Italy has long been a coveted source for high-performance motorcycling exotica here in the states. And Motorcycle USA recently sampled a lovely pair from MV Agusta – the Brutale R and for those whom one R just aint a enough, the racier RR version.
Initial visual impressions reveal the Brutale RR to be the flashier mount, offered in MV’s traditional silver and red racing colors. The standard R came with more understated black colorway, with red accents. From there the bikes continue to diverge, with different wheels and the RR’s sleeker integrated LED turn signals and running light.
The biggest difference, however, is unseen – as the two mounts sport different versions of MV’s 1078cc Inline Four. The RR’s more aggressive intake cams and intake result in an engine that produces more peak horsepower than the R, 138 to 126, but less torque, 67 to 74.
On the road, the torque-rich R model delivers a street-friendly powerband, more potent on the bottom end than its tightly-wound sibling. The high-strung RR presses its advantage only as the tach screams up into five-figure territory. However, the RR’s shrieking engine tones will appeal to its targeted high-performance crowd, which will likely be forgiving of RR’s more vibey nature.
Both Brutales source an 8-level traction control system, an encouraging piece of electronic kit that smoothly harness the engine power.
Changes in the power train extend to the six-speed transmission, where the RR sports a handy slipper clutch.
The chassis are more dissimilar than they first appear, as the frames make use of different steel tubing and welding. The 50mm Marzocchi front forks offer three-way adjustment on both mounts, with preload and rebound adjustment on the Sachs rear shock. The RR’s piggyback unit, however, benefits from high & low speed compression adjustment.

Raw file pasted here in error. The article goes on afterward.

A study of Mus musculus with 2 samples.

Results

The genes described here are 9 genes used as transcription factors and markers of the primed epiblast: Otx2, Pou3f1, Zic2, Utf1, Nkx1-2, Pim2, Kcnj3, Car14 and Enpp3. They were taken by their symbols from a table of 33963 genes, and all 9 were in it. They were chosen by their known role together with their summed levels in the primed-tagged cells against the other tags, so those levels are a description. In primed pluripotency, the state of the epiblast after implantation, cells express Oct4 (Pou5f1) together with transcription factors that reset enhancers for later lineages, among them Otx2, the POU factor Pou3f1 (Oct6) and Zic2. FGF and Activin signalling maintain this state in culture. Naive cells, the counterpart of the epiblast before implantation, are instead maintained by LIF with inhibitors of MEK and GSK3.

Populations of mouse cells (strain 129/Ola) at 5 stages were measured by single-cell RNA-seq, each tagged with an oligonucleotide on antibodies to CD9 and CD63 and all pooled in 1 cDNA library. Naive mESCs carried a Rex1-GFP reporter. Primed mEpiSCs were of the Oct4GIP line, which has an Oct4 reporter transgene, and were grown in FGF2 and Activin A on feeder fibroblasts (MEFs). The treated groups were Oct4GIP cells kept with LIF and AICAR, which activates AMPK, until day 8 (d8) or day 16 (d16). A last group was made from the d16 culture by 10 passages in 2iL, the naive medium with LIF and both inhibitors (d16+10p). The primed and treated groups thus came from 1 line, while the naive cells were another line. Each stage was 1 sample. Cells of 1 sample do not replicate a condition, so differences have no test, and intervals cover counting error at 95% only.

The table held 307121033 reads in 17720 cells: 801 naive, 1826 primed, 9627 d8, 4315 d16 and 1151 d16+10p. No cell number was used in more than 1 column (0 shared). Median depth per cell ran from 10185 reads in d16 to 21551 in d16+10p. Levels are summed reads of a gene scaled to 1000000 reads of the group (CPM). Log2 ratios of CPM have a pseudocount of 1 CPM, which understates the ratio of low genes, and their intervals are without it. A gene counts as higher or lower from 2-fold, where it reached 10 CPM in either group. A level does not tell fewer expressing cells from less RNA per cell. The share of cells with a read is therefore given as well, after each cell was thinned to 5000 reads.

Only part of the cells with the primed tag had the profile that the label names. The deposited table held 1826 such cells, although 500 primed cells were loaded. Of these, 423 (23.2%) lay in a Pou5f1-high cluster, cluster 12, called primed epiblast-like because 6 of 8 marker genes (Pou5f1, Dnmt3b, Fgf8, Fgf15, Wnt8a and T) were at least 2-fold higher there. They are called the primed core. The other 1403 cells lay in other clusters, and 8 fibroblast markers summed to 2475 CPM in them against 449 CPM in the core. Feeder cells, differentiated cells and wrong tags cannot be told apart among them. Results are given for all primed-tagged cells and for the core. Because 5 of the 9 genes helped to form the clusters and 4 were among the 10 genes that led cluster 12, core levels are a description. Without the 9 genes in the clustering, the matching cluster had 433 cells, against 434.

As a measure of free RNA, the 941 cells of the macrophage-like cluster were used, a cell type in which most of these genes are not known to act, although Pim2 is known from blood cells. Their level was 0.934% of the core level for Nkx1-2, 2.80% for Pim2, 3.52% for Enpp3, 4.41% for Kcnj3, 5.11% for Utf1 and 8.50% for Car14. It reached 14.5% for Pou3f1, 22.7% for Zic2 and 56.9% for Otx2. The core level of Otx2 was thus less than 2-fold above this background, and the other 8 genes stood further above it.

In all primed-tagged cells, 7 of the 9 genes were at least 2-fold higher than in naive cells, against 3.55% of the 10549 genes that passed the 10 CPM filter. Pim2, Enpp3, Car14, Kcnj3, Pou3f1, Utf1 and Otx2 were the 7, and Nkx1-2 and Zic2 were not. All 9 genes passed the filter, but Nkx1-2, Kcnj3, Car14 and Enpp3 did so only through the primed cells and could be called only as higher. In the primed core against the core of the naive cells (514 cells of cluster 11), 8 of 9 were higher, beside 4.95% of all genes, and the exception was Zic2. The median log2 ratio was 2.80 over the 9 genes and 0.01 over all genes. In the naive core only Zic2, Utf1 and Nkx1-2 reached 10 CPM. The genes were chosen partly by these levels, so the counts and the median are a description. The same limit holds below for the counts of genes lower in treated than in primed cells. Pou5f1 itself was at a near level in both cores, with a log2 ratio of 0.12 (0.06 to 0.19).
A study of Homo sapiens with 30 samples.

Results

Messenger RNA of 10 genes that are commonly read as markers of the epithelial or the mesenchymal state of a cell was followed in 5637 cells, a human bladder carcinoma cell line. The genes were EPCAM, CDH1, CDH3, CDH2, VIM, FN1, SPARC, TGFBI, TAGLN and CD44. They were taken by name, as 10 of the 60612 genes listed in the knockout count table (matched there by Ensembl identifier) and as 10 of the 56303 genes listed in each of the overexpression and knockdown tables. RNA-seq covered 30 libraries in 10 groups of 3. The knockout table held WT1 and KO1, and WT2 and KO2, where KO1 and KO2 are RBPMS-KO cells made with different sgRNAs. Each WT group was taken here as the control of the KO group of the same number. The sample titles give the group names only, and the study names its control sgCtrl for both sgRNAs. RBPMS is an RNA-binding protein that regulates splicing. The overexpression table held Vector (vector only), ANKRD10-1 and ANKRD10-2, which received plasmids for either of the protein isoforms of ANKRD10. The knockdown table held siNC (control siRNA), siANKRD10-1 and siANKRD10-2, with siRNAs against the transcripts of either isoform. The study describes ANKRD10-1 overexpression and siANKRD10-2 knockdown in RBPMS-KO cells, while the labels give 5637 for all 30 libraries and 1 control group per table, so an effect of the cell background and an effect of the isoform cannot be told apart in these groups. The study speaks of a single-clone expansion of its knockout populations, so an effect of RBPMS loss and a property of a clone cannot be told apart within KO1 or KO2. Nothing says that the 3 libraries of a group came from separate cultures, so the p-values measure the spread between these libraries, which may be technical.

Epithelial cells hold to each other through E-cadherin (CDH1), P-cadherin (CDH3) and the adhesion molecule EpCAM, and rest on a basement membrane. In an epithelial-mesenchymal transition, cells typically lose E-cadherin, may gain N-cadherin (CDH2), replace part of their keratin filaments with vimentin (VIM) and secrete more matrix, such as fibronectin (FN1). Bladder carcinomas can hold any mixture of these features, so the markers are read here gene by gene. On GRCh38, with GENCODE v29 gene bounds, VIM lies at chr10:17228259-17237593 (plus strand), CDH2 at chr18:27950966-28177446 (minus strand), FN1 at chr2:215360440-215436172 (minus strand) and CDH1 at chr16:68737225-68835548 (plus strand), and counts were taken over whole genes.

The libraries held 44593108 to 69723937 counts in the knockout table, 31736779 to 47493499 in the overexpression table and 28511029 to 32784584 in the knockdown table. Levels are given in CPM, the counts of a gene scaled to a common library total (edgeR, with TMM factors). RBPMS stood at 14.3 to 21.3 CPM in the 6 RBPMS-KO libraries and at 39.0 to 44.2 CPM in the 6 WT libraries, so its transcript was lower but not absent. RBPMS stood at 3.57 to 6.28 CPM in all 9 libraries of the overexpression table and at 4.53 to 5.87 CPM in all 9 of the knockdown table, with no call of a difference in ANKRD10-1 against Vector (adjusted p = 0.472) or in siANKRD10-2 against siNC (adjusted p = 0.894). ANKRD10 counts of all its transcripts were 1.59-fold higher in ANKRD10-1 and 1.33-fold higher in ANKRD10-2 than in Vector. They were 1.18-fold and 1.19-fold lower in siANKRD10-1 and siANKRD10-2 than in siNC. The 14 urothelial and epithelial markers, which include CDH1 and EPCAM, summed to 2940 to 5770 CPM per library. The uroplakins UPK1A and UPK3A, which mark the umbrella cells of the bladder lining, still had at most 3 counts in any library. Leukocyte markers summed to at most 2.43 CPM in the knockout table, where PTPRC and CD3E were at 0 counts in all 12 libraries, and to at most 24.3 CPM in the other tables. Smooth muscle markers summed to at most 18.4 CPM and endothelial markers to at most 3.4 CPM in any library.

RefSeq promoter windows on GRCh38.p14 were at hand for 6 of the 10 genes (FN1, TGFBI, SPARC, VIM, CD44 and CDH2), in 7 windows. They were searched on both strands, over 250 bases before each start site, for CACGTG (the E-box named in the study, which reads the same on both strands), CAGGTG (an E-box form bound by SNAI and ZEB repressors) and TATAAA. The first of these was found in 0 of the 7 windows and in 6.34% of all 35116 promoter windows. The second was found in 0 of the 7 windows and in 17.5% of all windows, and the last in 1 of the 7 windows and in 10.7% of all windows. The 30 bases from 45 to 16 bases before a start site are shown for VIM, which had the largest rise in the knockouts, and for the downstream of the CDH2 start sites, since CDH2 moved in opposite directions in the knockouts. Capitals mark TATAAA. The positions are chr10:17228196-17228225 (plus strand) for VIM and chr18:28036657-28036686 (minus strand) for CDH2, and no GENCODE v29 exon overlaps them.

Both Brutales are quick turners, with the suspension comfortable enough for the street but sprung for aggressive riding. Both make use of sporty Pirelli tires too, Diablo Rosso II on the R and Diablo Supercorsa SP on the RR.
The two chassis encourage an elevated pace, with the RR’s advantage growing along with the mph. However, the track and not the street will be the place where the higher-spec Brutale can really earn that extra R, and where its steering damper will be appreciated.
Riding position on both bikes has a slight forward pitch, which is semi-aggressive without full-fledged sportbike fatigue. The handlebars are well placed, with the RR allowing additional ergonomic tuning with adjustable footpegs.
The RR get the edge in braking, at least from the specsheet perspective. Its radial mount Brembo calipers are monoblocs, opposed to the R’s two-piece Brembo units. While the RR’s stoppers are undoubtedly potent, our testers found the R’s brakes more than adequate and less grabby.
The Brutale R rings in at $16,498, with the double R $18,998, Both are lust worthy objects of exotic Italian luxury for the ambitious American rider.